Today’s reading contrasts Christ’s reception by the common people with His rejection by the religious leaders. When the leading priests demanded that Jesus tell them by what authority He had driven out the merchants from the Temple, He responded by asking them a question: Had God commissioned John the Baptist or did John act on his own initiative and power? Jesus knew the religious leaders would have trouble answering publicly, because He knew they really didn’t believe John was commissioned by God, otherwise they would have repented at his preaching. However, Jesus also knew that the majority of the common people felt that John was a God-sent prophet, and the religious leaders would be taking a great risk to say otherwise publicly. They were trying to force Jesus to say something in public that they could use to discredit Him, but by His question, Jesus put them in that same place! Afraid of the people, they wouldn’t give an honest answer, and their fear also prevented them from openly arresting Jesus later on, because so many people considered Him to be a God-sent prophet.
Then Jesus told the parable of the two sons to illustrate the difference between the religious leaders and the sinners who had repented. The first son, when told by his father to work in the vineyard, said, “No, I won’t go.” But he later changed his mind and obeyed. He represents those who were previously in rebellion toward God, but who repented.
The other son, when told by his father to go and work in the vineyard, said, “Yes, sir, I will.” But he never followed through on what he promised. He represents the religious leaders who always talked about obedience to God’s commands, but who never really obeyed. Jesus reprimanded them, saying that the worst sinners of their day, tax collectors and prostitutes would get into heaven before them because they repented when they heard John the Baptist preach.
Incidentally, notice that it wasn’t their repentance that saved them; it was their belief in John’s message that the kingdom of heaven was at hand. Because they believed John’s message, they repented, proving that they really did believe. Salvation works the same way today. We are saved by God’s grace through a faith that moves us to repent and begin a life of obedience. True faith always produces fruit.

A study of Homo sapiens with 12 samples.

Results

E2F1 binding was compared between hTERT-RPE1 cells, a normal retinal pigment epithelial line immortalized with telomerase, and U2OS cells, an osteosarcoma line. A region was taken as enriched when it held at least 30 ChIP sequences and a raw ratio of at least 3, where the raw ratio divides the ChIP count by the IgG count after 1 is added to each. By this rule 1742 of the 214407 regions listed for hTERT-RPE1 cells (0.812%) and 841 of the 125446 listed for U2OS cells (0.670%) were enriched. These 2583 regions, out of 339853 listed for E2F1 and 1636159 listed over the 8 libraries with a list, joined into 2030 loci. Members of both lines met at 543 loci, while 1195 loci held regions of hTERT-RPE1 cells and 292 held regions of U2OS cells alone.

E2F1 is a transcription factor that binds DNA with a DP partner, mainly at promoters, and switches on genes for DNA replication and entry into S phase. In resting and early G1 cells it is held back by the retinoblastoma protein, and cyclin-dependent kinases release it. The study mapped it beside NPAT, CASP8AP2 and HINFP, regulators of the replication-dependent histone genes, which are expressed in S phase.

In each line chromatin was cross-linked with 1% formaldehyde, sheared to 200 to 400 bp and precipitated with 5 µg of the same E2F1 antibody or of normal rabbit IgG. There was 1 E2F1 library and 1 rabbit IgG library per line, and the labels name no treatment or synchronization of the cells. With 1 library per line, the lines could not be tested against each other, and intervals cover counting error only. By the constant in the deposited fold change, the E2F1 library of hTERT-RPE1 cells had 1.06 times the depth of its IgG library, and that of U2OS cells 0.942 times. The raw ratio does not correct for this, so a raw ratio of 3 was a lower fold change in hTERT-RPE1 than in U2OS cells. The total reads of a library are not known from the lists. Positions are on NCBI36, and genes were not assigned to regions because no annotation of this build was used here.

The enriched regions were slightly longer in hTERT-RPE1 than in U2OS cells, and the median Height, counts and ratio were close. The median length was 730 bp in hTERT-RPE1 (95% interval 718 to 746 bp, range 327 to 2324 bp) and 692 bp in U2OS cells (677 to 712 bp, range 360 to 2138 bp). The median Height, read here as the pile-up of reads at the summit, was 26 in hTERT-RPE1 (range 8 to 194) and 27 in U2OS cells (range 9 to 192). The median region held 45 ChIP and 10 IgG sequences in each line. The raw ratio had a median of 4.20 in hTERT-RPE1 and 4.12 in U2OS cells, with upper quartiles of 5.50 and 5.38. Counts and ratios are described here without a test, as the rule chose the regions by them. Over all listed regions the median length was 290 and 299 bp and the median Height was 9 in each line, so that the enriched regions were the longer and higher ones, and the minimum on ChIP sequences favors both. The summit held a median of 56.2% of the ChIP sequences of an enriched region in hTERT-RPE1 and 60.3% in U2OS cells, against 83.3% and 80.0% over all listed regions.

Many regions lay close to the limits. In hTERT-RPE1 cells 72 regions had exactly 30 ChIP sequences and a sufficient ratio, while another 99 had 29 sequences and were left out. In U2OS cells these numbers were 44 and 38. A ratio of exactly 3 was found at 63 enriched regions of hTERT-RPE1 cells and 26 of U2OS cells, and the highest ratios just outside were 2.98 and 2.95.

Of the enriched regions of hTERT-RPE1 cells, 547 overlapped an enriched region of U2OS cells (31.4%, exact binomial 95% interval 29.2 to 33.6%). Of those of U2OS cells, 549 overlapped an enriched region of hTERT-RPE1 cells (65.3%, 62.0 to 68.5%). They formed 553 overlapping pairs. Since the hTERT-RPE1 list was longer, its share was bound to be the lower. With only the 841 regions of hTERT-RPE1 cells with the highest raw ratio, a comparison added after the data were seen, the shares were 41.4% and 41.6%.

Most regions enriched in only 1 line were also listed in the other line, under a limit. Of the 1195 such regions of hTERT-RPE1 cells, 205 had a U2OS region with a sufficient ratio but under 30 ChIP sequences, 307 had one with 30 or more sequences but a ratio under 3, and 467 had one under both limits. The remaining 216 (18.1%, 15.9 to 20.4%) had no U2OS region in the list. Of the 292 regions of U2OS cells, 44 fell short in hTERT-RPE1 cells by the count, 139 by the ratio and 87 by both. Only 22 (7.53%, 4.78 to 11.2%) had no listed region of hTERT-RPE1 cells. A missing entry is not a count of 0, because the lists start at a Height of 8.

The story of the evil farmers is easy for us to understand, but the religious leaders apparently missed its meaning at first. After hearing it, they unknowingly pronounced their own judgment when they condemned the wicked farmers who killed the vineyard owner’s son. And once they understood that they were the wicked farmers in Jesus’ story, they still refused to repent, fulfilling the scripture in the Psalms that talks about the builders rejecting a stone that would become the chief cornerstone. The chief cornerstone was the first and most important stone in any significant building in Jesus’ time. Every other stone in a building had to be properly related to that most important stone, by being lined up with it. Those who aren’t properly lined up with that stone are destined for trouble. As Jesus said, “Anyone who stumbles over that stone will be broken to pieces, and it will crush anyone on whom it falls” (Matthew 21:44).
Q. If a person is unsaved, is he more likely to become saved if he’s self-righteous or if he’s a horrible sinner?
A. He is more likely to become saved if he realizes he needs to be saved. Self-righteous people often don’t think they need a Savior, because they assume they have saved themselves by their good deeds. That’s why horrible sinners are more likely to be saved, and that’s why tax collectors and prostitutes were saved when John the Baptist preached while the religious leaders remained unsaved.
Q. In the parable of the evil farmers, the owner of the vineyard sent representatives and finally his own son to collect some of the fruit. What did the fruit represent? What does this tell us about what God desires from us?
A. The fruit represents acts of obedience, which is what God expects from His people.
Application: It’s good for us to read sections of Scripture that contrast the reaction of believers and non-believers, because it helps us evaluate which category we are in. With whom did you identify in today’s reading?